If you financed your home under a federally subsidized program (loans from tax-exempt qualified mortgage bonds or loans with mortgage credit certificates), you may have to recapture all or part of the benefit you received from that program when you sell or otherwise dispose of your home. You recapture the benefit by increasing your federal income tax for the year of the sale. You may have to pay this recapture tax even if you can exclude your gain from income under the rules discussed earlier; that exclusion does not affect the recapture tax. taxmap/pub17/p17-087.htm#en_us_publink100033463
The recapture applies to loans that:
- Came from the proceeds of qualified mortgage bonds, or
- Were based on mortgage credit certificates.
The recapture also applies to assumptions of these loans.
Recapture of the federal mortgage subsidy applies only if you meet both of the following conditions.
- Within the first 9 years after the date you close your mortgage loan, you sell or otherwise dispose of your home at a gain.
- Your income for the year of disposition is more than that year's adjusted qualifying income for your family size for that year (related to the income requirements a person must meet to qualify for the federally subsidized program).
Recapture does not apply in any of the following situations.
- Your mortgage loan was a qualified home improvement loan (QHIL) of not more than $15,000 used for alterations, repairs, and improvements that protect or improve the basic livability or energy efficiency of your home.
- Your mortgage loan was a QHIL of not more than $150,000 in the case of a QHIL used to repair damage from Hurricane Katrina to homes in the hurricane disaster area; a QHIL funded by a qualified mortgage bond that is a qualified Gulf Opportunity Zone Bond; or a QHIL for an owner-occupied home in the Gulf Opportunity Zone (GO Zone), Rita GO Zone, or Wilma GO Zone. For more information, see Publication 4492, Information for Taxpayers Affected by Hurricanes Katrina, Rita, and Wilma. Also see Publication 4492-B, Information for Affected Taxpayers in the Midwestern Disaster Areas.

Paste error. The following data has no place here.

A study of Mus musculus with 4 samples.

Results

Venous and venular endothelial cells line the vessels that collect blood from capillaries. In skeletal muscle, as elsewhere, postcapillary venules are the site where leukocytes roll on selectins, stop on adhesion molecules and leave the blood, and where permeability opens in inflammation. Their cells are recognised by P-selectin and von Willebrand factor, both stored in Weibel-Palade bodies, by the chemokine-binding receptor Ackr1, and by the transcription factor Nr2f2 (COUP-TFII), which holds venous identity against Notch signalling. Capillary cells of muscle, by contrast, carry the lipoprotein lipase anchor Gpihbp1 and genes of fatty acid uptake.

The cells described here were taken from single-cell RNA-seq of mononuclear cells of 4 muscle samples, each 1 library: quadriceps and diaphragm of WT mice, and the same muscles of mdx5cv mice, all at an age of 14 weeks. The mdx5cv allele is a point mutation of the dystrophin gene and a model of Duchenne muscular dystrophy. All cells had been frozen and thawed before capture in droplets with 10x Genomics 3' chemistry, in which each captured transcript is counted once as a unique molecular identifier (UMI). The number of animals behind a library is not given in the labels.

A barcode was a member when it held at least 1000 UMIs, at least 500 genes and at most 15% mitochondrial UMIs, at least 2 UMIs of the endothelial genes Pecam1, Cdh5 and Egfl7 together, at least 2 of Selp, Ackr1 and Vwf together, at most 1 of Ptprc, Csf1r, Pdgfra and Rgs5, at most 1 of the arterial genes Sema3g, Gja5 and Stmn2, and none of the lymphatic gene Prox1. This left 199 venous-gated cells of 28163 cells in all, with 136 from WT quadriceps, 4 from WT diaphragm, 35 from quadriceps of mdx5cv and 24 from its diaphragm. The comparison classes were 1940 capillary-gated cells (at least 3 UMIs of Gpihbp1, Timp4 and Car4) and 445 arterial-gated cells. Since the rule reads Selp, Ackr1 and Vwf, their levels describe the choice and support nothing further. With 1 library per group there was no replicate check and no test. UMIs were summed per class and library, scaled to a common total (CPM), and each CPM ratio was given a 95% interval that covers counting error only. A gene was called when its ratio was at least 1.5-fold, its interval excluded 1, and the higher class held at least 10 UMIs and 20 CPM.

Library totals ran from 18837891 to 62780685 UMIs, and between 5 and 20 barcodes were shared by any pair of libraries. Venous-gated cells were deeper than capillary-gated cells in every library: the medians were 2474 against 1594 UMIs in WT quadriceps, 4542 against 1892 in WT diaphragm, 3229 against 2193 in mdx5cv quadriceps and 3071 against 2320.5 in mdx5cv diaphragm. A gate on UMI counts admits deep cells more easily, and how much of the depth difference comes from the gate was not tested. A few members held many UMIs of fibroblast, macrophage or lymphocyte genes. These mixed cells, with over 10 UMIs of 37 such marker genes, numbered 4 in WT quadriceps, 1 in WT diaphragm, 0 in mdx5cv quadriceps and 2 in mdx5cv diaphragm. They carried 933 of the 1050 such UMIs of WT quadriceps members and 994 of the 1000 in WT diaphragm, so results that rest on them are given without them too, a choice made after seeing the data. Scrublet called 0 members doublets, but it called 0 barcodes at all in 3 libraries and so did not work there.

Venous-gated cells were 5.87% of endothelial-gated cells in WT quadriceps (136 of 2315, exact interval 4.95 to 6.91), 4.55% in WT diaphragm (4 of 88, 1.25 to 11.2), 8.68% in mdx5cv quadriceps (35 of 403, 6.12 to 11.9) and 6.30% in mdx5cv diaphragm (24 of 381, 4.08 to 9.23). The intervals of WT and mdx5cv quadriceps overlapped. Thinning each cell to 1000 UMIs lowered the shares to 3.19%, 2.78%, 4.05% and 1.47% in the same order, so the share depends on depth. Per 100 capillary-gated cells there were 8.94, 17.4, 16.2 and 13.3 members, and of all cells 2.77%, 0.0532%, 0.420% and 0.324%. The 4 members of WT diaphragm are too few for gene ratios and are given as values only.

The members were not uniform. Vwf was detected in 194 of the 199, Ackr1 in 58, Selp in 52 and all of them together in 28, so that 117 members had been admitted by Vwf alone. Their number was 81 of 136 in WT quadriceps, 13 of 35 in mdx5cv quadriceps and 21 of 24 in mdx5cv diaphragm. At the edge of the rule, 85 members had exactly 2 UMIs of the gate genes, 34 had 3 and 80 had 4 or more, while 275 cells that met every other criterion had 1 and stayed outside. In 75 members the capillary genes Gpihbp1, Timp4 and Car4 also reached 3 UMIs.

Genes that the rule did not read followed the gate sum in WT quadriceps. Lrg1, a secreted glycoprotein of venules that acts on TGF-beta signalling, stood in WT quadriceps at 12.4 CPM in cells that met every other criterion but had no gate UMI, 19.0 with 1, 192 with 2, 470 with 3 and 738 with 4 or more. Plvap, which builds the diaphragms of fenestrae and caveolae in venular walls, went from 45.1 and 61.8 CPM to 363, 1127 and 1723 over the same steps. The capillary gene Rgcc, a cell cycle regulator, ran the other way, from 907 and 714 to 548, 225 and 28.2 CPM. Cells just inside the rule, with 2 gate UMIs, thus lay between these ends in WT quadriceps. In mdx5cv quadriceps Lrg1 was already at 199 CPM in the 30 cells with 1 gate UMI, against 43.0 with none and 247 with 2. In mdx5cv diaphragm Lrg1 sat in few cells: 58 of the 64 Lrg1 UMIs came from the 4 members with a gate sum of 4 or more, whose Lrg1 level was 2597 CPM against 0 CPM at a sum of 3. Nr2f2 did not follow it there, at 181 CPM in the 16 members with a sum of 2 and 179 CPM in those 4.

- The home is disposed of as a result of your death.
- You dispose of the home more than 9 years after the date you closed your mortgage loan.
- You transfer the home to your spouse, or to your former spouse incident to a divorce, where no gain is included in your income.
- You dispose of the home at a loss.
- Your home is destroyed by a casualty, and you replace it on its original site within 2 years after the end of the tax year when the destruction happened (within 5 years if the home was in the Hurricane Katrina disaster area and was destroyed by reason of the hurricane after August 24, 2005). If your home was located in the Kansas disaster area, one of the Midwestern disaster areas, or another federally declared disaster area, see Replacement Period in Publication 547.
- You refinance your mortgage loan (unless you later meet the conditions listed previously under When the recapture applies).
At or near the time of settlement of your mortgage loan, you should receive a notice that provides the federally subsidized amount and other information you will need to figure your recapture tax. taxmap/pub17/p17-087.htm#en_us_publink100033467
The recapture tax is figured on Form 8828. If you sell your home and your mortgage is subject to recapture rules, you must file Form 8828 even if you do not owe a recapture tax. Attach Form 8828 to your Form 1040. For more information, see Form 8828 and its instructions.